How far could you survive a nuclear explosion?

You may be unknowingly living in close proximity to a nuclear bomb. If one were to explode, how far could you survive?

It has been more than 70 years since the two bombs exploded in Hiroshima and Nagasaki killing at least 129,000 people and causing devastating long-term health effects. To date, these are the only two fired ‘for war’, but nearly 15,000 of these nuclear warheads still remain in the world today and many of them are far more powerful than those used in the Second World War. So what exactly would happen if one of them exploded tomorrow? What distance should you then maintain to survive the cataclysm? The AsapSCIENCE team gives us some answers.

First of all, it is important to note that many parameters are normally to be expected, including the time at which the bomb explodes (day or night), the geographical configuration of the place of the explosion or even if the bomb explodes on the ground or in the air. But generally speaking, there are a few predictable steps. As the video explains, approximately 35% of the energy of a nuclear explosion is released in the form of thermal radiation. With the latter moving at nearly the speed of light, the first thing that should hit you is a gigantic flash of blinding light and intense heat.

The light itself is enough to cause a flash of blindness, a temporary form of blindness that can last for a few minutes. The video here considers a 1 megaton bomb, which is about 80 times more powerful than the bomb that exploded on Hiroshima, but far less powerful than many modern nuclear weapons. Considering a bomb of this caliber, people within an 85 kilometer radius would be temporarily blinded. Regarding heat, mild first degree burns can occur up to 11 kilometers away and third degree burns at less than 8 kilometers. If these third-degree burns cover more than 24% of the body’s surface, they would likely be fatal if medical attention is not provided immediately.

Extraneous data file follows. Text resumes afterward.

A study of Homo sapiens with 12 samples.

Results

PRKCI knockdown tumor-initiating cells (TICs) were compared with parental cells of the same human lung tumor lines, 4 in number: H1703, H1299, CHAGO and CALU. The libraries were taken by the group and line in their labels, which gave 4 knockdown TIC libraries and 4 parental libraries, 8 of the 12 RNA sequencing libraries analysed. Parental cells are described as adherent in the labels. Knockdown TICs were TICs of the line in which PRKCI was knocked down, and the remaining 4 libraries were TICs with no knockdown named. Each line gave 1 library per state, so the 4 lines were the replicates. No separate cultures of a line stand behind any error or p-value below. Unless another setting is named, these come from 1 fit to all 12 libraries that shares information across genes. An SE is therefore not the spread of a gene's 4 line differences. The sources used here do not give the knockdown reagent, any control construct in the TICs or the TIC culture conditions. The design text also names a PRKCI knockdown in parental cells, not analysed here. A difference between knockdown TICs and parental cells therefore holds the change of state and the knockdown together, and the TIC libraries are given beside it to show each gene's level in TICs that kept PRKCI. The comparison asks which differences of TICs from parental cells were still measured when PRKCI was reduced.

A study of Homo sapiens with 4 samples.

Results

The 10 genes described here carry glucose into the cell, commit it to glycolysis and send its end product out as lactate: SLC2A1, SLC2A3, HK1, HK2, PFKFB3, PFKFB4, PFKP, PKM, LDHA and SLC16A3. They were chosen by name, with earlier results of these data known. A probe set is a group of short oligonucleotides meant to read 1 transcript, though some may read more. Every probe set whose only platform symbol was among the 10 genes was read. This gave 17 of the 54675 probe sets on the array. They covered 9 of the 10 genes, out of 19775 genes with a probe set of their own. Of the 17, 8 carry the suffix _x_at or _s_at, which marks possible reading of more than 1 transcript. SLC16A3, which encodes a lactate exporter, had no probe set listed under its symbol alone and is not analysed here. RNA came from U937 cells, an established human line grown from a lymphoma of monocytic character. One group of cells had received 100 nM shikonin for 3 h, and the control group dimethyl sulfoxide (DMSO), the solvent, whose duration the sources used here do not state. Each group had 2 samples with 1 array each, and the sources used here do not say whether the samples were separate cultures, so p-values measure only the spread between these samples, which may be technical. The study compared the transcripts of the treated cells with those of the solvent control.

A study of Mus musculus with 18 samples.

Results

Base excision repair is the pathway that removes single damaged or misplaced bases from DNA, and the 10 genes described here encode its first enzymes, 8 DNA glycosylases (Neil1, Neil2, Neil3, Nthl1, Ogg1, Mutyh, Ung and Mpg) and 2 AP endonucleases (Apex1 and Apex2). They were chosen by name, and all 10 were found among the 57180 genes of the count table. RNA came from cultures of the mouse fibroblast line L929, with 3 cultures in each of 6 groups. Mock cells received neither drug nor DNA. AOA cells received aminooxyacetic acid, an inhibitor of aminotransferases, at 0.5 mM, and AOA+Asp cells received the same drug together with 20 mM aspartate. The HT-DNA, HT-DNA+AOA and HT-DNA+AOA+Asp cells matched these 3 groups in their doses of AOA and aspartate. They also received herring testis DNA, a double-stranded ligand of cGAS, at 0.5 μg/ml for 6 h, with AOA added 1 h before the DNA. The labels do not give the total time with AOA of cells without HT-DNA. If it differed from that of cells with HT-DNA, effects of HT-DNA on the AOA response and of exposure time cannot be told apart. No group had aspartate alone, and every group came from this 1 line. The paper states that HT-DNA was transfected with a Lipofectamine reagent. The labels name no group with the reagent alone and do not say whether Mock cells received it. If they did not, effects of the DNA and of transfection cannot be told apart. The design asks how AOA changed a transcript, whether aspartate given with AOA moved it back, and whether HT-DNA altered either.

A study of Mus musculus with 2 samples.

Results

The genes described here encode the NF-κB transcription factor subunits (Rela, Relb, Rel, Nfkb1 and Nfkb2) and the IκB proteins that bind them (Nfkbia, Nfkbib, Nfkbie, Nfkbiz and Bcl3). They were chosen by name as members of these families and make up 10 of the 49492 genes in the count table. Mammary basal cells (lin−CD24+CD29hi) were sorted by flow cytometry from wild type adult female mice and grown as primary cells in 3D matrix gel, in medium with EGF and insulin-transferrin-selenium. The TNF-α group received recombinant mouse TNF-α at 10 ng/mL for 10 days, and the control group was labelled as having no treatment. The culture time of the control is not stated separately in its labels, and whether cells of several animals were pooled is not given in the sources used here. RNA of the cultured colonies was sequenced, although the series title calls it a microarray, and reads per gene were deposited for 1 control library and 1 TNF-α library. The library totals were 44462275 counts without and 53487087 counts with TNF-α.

Note that these distances are variable depending not only on the weather, but also on what you are wearing: white clothes can reflect some of the energy of an explosion, while dark clothes will absorb it. Of course, these parameters would make little difference to the unfortunates located in the center of the explosion.

Temperatures near the site of the Hiroshima explosion have been estimated at 300,000 degrees Celsius — about 300 times hotter than an incinerator, so people near the explosion would be directly reduced to ashes. For the others, within a radius of 6 kilometers, the shock waves would produce more than 180 tons of force on the walls of all two-storey buildings and the wind speed would be around 255 km/h. Within a radius of one kilometer, the pressure would be 4 times higher and the wind speed would be around 756 km/h. Technically, humans can withstand such pressure, but most people would be killed by the torn debris.

Note that this video responds to the one published a few days ago by American bloggers who were sounding the alarm: thousands of nuclear bombs would be located in the immediate vicinity of major cities in the United States, Europe, Turkey, Israel, Russia, Pakistan, India, China and North Korea.